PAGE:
It’s taken longer than I’d like, but circumstances have conspired to prevent me from responding to PPotts’ comment on my Aug. 27 blog: Can CFPs Really Be Fiduciaries? Still, her comment raises two interesting and important issues. Are the economics of being a broker better than those of an independent RIA? If so, how does that impact the CFP Board’s actions?
To bring you up to speed on how the discussion went down, it started with PPotts comment to my Aug. 20 blog (Fiduciary-Only Advisors: Of Attorneys, ‘Agents’ and Schmucks), in which she wrote: ‘I don’t see where the confusion lies [in solving the issue of ‘part-time’ fiduciaries]. Ask Mary Jo [White; chairman of the SEC] to simply require that a firm be either an RIA or a BD, and [state] that no individual can be a member of both.’”
I found her solution so dead on that I quoted it in my Aug. 27 blog, adding: “It’s certainly possible that this is the ultimate endgame to the discussion that Dodd-Frank started about making retail financial advice as client-centered as possible. What PPotts is describing is a kind of Glass-Steagall Act [which separated lending banks from investment banks] for financial advisors that would create a clear distinction between fiduciary advisors and retail brokers. Then retail investors could decide for themselves whether they want ‘advice’ or help purchasing financial products they’ve already decided upon. Under the Board’s current standards, that would seem to put CFPs on the RIA side of the fence. Problem solved.”
Curiously, despite the fact that I’d praised the brilliance of her solution, PPotts seemingly took issue with my “problem solved” conclusion, and posted another comment to say so: “You were doing so well, until the last sentence, Bob. The CFP Board of Standards would undoubtedly shrink as those who entered into the licensing arrangement with the CFPBOS would find that it would no longer be economical to give up the commissions from the BD. Can I make more on full service or advice? That is the question many [CFPs and brokers] need to answer.”
Seems to me that this is a question that has been asked and answered for quite some time now. The economics from an advisor’s perspective seem quite clear.
Ten years ago, or so, I was on a fight out of Dallas to somewhere, and learned that the gentleman I was sitting next to was stock broker at one of the big wirehouses. After some basic info exchanging, I learned he had converted his clients almost entirely to managed assets, which had recently hit $50 million, and on which his clients paid 2%. So I asked him if he minded telling me what his payout was. “Oh, I’m one of our top producers in Texas,” he drawled. “so I get the max: a 50% payout.”
I couldn’t stop myself from asking: “What could you possibly get from your firm that’s worth $500,000 a year?” His silence lasted for the rest of the flight.
For the past 25 years, advisors have been moving toward the assets under management model because it’s just a better business model.
It’s recurring, it’s cumulative (you don’t start each year at zero income) and it’s not labor intensive (you can manage $1 billion with virtually the same staff it takes to manage $100 million). Then there’s the fact that an AUM-model firm has a resale value of about 2X annual revenues. That’s not to say there aren’t other non-economic reasons that some brokers don’t want to give up their commission business: a sense of obligation to legacy clients and an inability to attract AUM clients come to mind.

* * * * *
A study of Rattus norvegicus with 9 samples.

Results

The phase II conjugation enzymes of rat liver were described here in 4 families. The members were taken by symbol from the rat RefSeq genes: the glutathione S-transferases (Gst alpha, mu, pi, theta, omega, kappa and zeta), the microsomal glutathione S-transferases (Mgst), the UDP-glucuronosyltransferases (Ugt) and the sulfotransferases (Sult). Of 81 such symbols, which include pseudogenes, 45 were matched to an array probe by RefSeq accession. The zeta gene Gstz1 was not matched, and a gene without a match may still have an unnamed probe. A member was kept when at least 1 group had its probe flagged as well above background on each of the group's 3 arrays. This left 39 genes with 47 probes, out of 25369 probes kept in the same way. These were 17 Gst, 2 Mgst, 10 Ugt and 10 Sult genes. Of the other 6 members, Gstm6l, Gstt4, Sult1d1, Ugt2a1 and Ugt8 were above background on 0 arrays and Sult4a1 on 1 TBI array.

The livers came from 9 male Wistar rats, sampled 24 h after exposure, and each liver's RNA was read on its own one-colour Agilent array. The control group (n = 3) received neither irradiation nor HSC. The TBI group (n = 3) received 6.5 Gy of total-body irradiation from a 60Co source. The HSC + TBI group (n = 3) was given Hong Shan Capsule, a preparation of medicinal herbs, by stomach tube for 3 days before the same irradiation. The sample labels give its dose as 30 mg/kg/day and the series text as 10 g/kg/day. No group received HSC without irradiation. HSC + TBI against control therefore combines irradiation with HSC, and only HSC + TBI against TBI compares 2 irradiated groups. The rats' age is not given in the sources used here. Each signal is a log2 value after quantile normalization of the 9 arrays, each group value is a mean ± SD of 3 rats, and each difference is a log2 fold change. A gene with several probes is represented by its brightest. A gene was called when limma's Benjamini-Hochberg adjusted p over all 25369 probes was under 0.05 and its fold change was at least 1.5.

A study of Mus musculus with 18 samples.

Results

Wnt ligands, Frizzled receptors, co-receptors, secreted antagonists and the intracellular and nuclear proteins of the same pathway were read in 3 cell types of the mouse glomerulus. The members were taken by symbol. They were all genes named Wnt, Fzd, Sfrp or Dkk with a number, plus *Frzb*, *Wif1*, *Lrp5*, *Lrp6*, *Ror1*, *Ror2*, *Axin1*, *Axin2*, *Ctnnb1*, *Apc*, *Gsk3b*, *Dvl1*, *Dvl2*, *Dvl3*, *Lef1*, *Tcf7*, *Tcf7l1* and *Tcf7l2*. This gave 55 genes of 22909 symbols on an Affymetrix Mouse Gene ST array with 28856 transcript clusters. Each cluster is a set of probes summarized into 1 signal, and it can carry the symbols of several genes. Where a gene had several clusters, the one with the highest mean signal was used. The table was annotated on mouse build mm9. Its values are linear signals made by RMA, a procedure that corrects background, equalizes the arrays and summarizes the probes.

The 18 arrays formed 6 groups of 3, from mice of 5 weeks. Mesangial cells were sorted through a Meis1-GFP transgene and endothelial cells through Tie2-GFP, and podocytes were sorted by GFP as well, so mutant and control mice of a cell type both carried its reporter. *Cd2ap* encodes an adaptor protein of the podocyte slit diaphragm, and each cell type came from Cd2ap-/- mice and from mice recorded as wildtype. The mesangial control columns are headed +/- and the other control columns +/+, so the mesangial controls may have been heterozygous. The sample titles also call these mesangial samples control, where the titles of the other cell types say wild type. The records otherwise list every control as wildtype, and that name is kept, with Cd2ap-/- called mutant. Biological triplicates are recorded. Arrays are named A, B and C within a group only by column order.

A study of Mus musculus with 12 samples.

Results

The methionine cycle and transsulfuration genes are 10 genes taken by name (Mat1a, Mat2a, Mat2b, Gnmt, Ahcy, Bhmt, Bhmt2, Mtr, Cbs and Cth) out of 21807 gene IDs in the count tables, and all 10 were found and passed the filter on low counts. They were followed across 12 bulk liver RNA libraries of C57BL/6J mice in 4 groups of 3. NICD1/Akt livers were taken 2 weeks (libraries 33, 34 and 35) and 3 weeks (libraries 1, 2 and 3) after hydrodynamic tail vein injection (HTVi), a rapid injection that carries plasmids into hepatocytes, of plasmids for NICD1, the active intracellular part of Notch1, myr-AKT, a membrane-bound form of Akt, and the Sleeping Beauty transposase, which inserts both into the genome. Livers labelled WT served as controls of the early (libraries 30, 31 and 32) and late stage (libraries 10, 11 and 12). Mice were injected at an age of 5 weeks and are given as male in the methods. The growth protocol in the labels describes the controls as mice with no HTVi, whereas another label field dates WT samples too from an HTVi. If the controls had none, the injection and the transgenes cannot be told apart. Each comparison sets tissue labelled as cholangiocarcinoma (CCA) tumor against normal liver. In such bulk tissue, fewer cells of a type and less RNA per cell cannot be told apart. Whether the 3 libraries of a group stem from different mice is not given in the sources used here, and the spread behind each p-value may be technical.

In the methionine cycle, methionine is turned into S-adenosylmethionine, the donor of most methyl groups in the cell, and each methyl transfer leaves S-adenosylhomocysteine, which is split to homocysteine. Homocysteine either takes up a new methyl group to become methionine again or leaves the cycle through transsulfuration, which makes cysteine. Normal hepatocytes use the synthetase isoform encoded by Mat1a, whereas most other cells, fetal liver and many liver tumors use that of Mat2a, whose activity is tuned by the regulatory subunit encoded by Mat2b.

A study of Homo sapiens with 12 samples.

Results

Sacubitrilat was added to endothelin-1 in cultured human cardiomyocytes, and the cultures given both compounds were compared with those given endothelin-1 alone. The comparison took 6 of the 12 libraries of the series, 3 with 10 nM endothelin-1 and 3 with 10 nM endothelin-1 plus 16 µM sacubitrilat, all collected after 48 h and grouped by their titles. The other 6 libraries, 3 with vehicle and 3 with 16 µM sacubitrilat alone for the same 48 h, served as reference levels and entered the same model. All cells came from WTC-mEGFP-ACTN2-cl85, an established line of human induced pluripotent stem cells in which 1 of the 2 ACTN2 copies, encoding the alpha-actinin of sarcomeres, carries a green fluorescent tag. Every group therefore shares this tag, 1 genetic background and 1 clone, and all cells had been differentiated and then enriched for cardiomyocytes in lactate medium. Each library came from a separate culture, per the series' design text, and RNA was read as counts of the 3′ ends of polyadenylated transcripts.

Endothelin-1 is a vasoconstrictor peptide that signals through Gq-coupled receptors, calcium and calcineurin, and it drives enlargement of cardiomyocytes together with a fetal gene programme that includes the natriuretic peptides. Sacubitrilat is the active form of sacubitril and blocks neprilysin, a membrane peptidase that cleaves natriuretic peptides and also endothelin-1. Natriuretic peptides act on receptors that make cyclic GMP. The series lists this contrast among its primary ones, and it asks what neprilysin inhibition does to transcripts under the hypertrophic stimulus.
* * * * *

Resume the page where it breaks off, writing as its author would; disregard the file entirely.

Fee vs. commission economics is much more of a sticky issue for two other parties: brokerage firms and the CFP Board. While the biggest financial services companies are built on AUM fees, the Wall Street wirehouses are big enough; they’ve gotten that way on heavily loaded commission-sold products. They are gradually making the transition to fees, but giving up those big annual margins on each sale is hard on their immediate bottom lines.
The economics of the CFP Board, on the other hand, are very clear. Its revenues come almost exclusively from its CFPs: the more CFPs, the bigger its budget. While that might not mean much to its volunteer board members, it certainly does to its staff, from the CEO on down. To grow revenues, they need more CFPs. And there are a lot more brokers than there are RIAs. What’s more, brokerage firms help with marketing, by encouraging brokers to become CFPs. Some firms even pay for their training and licensing, making them even more likely to become financial planners.
The CFP Board figured this out some time ago, and has been focusing on Wall Street’s prospects at least since the late 1990s, when it proposed the ill-fated “CFP Lite” designation, to give brokers a faster way to earn a financial planning designation.
So the CFP Board made PPott’s choice between focusing on RIAs or on brokers a long time ago. That’s been evidenced in its acceptance of CFPs as “part-time” fiduciaries and, recently, in its heavy-handed disciplining of RIAs over “fee-only” representations while turning a blind eye toward brokers.
Which, to my mind, puts the CFP mark into the category of an educational credential—like a PhD, an LLM or a CFA—rather than a professional designation. That’s because professions are not about making more money, or attracting more members.
Sure, some doctors and lawyers and CPAs make pretty good money: but you don’t find any doctors or practicing lawyers or accountants on the Forbes 400 list. In fact, professionals restrict their ability to make money by agreeing to put the interests of their clients/patients first, at all times.
But, as PPotts points out, that’s not the direction in which the CFP is headed. Which I find ironic, as it is where Wall Street is going—albeit, slowly.